From The Editor | May 31, 2013

Workplace Tragedies — Are We Willing To Pay To Fix The Problems?


By Bob Johns

Bob Johns, Robert Johns, associate editor

Once again, apparel manufacturing workplace safety was in the news with a break-shelter collapse in Cambodia. Luckily no one was killed in this latest incident, however, 23 people were injured. Earlier in May, a Cambodian shoe factory had a ceiling collapse that killed two workers and injured another seven. Last September saw a fire in a Pakistani garment factory that killed 289 people. In November a fire at a garment factory in Bangladesh killed 112 people. And, the largest single workplace accident in history took place in Bangladesh on April 24th. In this incident, a building housing several garment factories collapsed, killing 1,126 people that we know of. These are just a few of the tragedies befalling the people who make the products we use every day.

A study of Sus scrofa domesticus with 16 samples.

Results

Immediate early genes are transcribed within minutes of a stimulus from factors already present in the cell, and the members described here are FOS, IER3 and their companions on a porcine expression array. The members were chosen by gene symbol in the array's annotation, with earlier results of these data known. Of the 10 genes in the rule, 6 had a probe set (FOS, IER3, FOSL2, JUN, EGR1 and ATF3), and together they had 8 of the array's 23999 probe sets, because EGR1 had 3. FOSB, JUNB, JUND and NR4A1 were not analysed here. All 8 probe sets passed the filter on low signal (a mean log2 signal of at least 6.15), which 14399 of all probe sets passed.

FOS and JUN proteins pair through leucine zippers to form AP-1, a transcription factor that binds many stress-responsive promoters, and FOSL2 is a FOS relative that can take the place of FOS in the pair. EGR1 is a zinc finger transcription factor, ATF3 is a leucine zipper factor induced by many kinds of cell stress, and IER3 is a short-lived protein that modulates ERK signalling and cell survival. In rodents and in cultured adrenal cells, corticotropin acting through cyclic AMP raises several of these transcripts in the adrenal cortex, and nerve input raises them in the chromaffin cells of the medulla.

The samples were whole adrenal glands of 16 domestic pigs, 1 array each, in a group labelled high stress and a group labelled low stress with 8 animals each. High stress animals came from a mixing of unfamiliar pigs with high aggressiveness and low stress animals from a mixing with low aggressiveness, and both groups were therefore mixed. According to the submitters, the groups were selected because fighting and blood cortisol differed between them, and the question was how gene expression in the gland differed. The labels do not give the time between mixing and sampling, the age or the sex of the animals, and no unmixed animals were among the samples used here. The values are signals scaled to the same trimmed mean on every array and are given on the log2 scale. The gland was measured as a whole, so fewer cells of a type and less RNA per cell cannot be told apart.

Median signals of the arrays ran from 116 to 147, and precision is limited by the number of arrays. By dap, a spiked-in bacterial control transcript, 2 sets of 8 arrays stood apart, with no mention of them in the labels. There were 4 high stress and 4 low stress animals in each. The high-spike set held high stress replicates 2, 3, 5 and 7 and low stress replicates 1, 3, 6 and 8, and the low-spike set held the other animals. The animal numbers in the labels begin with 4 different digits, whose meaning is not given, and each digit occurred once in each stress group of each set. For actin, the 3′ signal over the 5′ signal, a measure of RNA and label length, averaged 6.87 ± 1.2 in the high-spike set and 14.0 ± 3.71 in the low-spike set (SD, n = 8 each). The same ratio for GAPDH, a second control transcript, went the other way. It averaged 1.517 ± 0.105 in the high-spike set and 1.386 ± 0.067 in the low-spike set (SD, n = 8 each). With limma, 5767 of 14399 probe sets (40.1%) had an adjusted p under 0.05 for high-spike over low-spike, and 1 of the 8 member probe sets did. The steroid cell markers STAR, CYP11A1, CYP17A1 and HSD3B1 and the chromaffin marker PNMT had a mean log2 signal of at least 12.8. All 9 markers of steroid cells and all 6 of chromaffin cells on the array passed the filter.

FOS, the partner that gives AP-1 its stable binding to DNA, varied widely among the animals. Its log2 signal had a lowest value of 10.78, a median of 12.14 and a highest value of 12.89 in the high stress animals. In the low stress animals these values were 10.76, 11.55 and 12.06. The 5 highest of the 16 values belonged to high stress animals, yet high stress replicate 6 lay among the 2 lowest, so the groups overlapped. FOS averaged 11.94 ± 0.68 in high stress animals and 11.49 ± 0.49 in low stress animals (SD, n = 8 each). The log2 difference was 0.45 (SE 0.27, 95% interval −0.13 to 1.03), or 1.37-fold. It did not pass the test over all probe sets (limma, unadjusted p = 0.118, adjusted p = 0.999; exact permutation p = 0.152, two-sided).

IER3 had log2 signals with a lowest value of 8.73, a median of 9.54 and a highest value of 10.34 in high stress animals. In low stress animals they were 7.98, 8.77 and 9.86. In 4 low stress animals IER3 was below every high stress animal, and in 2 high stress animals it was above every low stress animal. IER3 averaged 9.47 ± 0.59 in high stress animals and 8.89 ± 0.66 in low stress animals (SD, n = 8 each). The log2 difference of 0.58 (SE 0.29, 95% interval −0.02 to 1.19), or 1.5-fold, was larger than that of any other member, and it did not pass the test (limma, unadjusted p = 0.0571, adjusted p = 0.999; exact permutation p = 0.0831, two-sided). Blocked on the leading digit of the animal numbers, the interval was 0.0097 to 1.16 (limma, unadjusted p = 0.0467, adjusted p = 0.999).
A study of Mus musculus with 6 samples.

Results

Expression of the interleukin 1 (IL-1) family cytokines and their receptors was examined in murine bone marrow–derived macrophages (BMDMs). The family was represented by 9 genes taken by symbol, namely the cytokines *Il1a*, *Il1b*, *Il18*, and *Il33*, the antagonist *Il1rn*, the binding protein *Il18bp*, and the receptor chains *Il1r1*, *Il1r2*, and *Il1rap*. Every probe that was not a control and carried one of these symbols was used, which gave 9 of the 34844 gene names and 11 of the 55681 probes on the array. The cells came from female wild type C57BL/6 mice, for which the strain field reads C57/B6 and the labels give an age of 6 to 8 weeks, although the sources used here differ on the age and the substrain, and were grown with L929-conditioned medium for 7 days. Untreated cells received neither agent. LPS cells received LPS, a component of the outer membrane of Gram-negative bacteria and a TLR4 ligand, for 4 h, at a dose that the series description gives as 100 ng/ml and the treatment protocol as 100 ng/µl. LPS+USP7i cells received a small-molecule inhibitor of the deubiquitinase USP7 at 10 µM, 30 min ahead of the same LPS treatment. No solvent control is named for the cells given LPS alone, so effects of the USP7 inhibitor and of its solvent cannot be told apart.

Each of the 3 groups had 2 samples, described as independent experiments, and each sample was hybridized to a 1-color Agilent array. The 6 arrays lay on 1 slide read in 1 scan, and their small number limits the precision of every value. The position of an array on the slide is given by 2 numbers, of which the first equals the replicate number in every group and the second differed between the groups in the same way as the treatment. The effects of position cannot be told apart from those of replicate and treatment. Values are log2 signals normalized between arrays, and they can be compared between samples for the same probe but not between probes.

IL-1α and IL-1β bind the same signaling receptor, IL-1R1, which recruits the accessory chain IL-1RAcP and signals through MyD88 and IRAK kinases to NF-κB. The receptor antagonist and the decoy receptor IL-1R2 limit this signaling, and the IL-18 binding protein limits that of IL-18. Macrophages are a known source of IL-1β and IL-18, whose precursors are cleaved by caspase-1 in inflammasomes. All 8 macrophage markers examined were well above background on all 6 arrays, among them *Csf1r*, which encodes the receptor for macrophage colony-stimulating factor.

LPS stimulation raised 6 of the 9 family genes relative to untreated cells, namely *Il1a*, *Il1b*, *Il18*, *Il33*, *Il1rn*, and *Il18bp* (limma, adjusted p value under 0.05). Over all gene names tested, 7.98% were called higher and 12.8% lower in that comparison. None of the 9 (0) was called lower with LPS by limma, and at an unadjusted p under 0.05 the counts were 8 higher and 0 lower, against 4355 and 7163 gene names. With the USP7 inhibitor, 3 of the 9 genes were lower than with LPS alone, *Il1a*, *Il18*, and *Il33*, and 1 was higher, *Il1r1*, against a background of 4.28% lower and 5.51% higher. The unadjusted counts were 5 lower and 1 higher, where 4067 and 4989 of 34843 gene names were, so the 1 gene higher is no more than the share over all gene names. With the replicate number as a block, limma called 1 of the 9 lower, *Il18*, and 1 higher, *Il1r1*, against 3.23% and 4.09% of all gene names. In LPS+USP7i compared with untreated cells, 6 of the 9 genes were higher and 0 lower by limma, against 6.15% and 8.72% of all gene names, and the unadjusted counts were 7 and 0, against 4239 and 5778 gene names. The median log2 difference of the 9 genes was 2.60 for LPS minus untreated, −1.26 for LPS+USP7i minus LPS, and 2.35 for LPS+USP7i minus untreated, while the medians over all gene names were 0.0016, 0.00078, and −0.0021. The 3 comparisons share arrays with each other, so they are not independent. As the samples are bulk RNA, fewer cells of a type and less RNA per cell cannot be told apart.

Whose responsibility is it to ensure the safety of these workers? In the U.S., we have OSHA and workers unions working together to create and enforce safety regulations to ensure a safe working environment. Additionally, buildings are regularly inspected and construction is regulated through permits and building regulations. Even these measures cannot guarantee 100% safety and compliance, but it helps immensely. Many of the countries where retailers source their goods have little if any regulation when it comes to workplace safety and worker’s rights. Corruption is rampant within the governments issuing permits, often leading to payoffs to ignore safety guidelines and building codes. Many countries just do not have the regulations on the books or are reluctant to enforce them.